An analysis of that data by the Centers For Disease Control and Prevention revealed a closer look at what went wrong in those accidents and which chemicals were the most frequently involved.

It’s not surprising that these chemicals were listed, given that they are some of the chemicals most frequently produced and handled in manufacturing. Even so, they were only involved in 3 percent of the total incidents. What’s more significant is that these top five chemicals were involved in 37 percent of the total single chemical releases that resulted in an injury — perhaps indicating a need for better training and protocols when handling these common substances.

Of the 57,975 chemical-related accidents studied by the CDC, 354 resulted in death. One-quarter of the deadly accidents involved these five chemicals.

According to the CDC research, here are the top five chemicals and the number of acute exposure incidents they were involved in during the researched time frame:

Carbon monoxide (2,364 accidents): This colorless and odorless gas lurks silently and cause minor symptoms such as headache and dizziness, or sudden death. Many of the accidents in the CDC study involving CO happened at private homes. Of the five listed chemicals, CO had the highest rate of fatalities.

Ammonia (1,153): Ammonia can also cause sudden death. More than half of the accidents involving this colorless gas happened in agriculture, where it is applied directly on soil, and food manufacturing plants, where it’s used as a refrigerant.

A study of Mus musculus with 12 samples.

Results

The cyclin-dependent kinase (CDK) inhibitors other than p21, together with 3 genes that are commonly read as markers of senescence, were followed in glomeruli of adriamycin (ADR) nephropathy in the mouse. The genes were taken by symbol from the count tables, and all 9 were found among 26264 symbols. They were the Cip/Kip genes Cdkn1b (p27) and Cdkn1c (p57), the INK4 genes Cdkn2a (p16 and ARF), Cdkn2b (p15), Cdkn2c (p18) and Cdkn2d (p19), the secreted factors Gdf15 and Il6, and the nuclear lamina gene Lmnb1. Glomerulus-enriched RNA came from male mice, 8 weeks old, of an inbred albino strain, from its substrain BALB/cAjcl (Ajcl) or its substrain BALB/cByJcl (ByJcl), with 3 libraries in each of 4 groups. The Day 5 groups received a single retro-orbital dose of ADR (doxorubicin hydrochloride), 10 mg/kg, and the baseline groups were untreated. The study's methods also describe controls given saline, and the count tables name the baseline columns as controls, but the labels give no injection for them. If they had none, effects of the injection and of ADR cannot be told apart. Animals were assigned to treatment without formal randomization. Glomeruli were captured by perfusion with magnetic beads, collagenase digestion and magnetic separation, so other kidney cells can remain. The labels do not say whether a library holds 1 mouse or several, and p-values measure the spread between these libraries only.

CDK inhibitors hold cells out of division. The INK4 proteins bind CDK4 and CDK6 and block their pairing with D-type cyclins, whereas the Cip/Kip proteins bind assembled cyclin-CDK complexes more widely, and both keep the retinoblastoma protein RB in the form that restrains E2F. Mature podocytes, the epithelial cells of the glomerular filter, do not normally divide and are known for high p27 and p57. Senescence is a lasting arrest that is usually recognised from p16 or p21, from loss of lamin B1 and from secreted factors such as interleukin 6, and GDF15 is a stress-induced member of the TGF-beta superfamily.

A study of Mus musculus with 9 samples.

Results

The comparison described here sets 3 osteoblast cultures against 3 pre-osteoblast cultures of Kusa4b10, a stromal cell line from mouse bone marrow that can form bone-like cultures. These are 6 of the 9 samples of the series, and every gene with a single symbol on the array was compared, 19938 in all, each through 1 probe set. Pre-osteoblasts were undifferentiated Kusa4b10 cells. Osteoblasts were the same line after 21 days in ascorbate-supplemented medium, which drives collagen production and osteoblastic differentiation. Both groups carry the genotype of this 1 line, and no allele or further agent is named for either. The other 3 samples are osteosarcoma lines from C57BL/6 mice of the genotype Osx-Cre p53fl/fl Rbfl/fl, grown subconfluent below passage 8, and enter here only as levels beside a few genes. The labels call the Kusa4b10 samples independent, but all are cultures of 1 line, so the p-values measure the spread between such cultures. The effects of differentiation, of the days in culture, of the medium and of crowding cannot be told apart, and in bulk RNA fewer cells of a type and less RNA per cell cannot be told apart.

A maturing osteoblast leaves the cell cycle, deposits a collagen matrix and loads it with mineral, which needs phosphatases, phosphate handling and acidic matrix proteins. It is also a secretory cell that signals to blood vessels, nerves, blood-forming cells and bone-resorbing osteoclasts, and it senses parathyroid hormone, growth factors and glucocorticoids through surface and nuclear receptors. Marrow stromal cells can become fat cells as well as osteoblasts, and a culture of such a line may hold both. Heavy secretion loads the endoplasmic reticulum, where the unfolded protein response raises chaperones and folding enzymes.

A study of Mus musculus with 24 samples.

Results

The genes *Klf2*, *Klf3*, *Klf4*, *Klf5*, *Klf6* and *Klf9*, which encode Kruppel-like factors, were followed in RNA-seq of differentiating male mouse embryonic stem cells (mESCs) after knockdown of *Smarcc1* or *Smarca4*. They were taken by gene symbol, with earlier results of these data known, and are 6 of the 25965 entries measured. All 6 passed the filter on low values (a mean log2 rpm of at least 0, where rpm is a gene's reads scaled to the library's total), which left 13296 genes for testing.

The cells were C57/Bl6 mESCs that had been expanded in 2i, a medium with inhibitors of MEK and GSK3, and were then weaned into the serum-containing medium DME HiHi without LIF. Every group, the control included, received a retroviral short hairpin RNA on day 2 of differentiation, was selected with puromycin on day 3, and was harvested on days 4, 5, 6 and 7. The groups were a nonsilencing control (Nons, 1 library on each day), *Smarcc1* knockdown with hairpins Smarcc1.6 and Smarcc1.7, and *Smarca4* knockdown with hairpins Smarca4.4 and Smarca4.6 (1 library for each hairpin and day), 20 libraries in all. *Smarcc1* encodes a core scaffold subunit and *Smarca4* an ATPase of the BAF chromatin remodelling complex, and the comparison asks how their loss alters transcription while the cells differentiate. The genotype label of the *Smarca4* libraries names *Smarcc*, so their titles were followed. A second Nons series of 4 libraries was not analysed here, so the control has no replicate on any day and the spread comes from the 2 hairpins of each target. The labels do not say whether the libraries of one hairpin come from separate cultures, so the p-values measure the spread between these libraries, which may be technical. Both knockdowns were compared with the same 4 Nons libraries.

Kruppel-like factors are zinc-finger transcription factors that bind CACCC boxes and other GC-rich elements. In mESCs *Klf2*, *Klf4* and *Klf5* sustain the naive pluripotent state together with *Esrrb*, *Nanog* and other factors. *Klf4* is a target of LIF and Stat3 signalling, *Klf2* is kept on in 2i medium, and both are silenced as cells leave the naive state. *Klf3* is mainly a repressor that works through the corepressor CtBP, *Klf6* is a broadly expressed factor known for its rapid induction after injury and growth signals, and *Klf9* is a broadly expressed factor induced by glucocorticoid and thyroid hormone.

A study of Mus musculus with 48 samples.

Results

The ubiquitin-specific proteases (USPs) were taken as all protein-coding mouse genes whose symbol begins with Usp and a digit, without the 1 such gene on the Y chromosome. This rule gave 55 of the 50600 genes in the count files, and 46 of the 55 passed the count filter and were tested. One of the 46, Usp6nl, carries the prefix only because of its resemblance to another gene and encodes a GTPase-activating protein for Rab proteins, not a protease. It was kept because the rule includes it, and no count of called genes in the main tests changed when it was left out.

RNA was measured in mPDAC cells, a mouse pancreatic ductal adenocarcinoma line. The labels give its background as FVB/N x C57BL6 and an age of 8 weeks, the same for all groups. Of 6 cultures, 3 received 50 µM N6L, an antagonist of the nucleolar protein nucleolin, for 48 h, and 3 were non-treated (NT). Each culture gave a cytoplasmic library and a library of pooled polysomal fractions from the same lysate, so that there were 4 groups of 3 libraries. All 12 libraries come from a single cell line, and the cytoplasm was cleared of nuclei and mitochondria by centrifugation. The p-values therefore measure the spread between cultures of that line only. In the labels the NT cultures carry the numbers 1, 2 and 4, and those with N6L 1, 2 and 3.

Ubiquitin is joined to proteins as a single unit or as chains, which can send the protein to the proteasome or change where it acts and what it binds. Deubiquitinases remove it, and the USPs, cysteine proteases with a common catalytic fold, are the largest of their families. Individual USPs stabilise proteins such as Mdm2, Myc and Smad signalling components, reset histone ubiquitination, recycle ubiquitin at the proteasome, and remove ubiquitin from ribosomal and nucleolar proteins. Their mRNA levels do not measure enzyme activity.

Chlorine (763): Chlorine is a vital industrial chemical used to produce a wide range of products, including vinyl chloride, plastics, aerosols, silicone and foam. Most of the recorded injuries happened at paper and printing manufacturing facilities and at swimming pools.

Hydrochloric acid (326): Used to manufacture fertilizers, dyes and rubber, hydrochloric acid is highly corrosive to human skin. Most of the reports involving hydrochloric acid happened in warehousing and transportation.

Sulfuric acid (318): Another corrosive substance, sulfuric acid is used to make explosives, glue, other acids, and used to purify petroleum and in the pickling of metal. A high percentage of recorded incidents involving sulfuric acid involved equipment failure.